And pointing fingers to tramadol as a catalyst for the raging insurgency in the north east is the Chairman and Chairman and Chief Executive Officer of the National Drug Law Enforcement Agency NDLEA, Muhammad Abdallah.

Hear Abdallah speak; “The Government of India has up its ante; they have now put more control on the supply of tramadol to Nigeria.

“Tramadol, if I will explain a little bit more, for normal medicinal dosage is between 50mg and 100mg. But the ones we have seen in Nigeria range from 200mg to like 500mg. Even a horse will be deadbeat by the time it takes that.

“But that is what Nigerians have been taking. That is what fuels insurgency in the North-East. Because Theatre Commandants have testified to me that every Boko Haram camp they have overrun, they found paraphernalia of drug abuse particularly tramadol.”

According to the NDLEA boss, the whole average of drug abuse in nations in 5%. In Nigeria, it is getting to 15%, which is not a data or a statistic anyone should be happy with.

On why the agency is recording the needed success in mitigating the sale, consumption and abuse of the drugs even among non armed youths across the country, Abdallah highlighted manpower as a major challenge.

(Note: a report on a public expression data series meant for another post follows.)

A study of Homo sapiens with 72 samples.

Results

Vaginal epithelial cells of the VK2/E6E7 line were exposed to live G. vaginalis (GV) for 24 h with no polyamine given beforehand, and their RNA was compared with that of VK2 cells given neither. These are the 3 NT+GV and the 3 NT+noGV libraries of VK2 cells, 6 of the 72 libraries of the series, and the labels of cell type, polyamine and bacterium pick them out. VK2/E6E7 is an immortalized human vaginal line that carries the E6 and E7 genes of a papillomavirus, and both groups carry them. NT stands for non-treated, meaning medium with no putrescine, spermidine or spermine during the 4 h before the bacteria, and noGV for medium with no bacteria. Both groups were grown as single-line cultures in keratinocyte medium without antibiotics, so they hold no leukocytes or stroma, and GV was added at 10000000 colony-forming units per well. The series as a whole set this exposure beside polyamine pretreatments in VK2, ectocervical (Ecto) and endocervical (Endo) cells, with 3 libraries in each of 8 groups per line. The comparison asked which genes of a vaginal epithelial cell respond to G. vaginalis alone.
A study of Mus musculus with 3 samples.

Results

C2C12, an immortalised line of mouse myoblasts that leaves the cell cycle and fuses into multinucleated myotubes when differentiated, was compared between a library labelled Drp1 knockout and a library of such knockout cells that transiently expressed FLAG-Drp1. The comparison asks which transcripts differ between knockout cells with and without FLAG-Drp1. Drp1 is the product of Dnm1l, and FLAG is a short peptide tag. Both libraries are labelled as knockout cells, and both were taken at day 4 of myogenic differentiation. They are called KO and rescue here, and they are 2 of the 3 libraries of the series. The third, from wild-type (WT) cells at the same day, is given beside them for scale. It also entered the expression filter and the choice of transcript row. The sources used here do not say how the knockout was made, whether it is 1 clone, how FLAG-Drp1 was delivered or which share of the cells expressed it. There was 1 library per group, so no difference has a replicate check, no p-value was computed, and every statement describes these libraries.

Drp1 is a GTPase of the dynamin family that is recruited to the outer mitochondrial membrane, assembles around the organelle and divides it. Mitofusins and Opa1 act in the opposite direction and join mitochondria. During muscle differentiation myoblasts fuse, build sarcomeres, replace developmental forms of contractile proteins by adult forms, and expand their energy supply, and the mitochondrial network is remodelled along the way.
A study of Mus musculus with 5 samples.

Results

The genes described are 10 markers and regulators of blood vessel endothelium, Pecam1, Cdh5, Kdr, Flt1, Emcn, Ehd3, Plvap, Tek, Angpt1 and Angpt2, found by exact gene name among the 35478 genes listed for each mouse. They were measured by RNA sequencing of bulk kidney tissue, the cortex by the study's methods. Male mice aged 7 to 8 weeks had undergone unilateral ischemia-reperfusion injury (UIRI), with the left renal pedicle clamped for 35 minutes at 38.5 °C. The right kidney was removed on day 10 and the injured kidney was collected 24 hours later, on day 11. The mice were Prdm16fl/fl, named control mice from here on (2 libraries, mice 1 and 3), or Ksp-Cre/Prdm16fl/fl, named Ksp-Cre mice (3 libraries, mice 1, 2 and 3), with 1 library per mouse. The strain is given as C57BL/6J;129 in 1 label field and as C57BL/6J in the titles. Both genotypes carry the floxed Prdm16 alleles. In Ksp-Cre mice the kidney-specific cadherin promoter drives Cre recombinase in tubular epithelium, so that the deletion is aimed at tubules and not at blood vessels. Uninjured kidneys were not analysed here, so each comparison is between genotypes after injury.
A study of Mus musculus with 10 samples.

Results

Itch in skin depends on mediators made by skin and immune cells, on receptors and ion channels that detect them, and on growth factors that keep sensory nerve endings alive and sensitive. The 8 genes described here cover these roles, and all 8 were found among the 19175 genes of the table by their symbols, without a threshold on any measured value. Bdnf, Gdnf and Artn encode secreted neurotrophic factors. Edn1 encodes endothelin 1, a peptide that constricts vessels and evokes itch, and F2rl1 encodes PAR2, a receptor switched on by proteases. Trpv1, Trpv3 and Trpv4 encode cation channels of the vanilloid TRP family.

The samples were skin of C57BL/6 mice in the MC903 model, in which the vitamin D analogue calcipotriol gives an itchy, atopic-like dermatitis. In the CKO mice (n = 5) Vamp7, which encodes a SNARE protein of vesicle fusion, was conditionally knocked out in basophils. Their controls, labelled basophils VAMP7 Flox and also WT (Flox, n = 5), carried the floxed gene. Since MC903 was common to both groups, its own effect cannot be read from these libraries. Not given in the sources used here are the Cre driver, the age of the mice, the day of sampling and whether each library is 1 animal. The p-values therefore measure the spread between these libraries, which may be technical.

“On the part of the government, it has taken some steps to ameliorate some of the deficiencies of the agency. For a start, Mr President has authorised an upgrade on the staff strength of the agency.

“A staff strength of 5,000 without being told is not a staff strength that can fight drugs the way it should be fought in Nigeria. Let me just mention three local governments – you know Mushin in Lagos, you know Fagge in Kano or even Nyanya in Abuja.

“I could deploy all of that strength to these places including me and there will still be some loopholes for trafficking and abuse to go on. That is why the President has approved the upgrade in phases. Following this will be logistics and equipment which come naturally with the upgrade of personnel.”

The government at the moment is reluctant to out rightly ban Tramadol given its legitimate usage as a painkiller, but it has had some success in detecting and seizing illegal shipments of the drug.

In response, though, criminal gangs continue to devise new ways of beating security checks and find new smuggling routes, some of which are partly controlled by Boko Haram.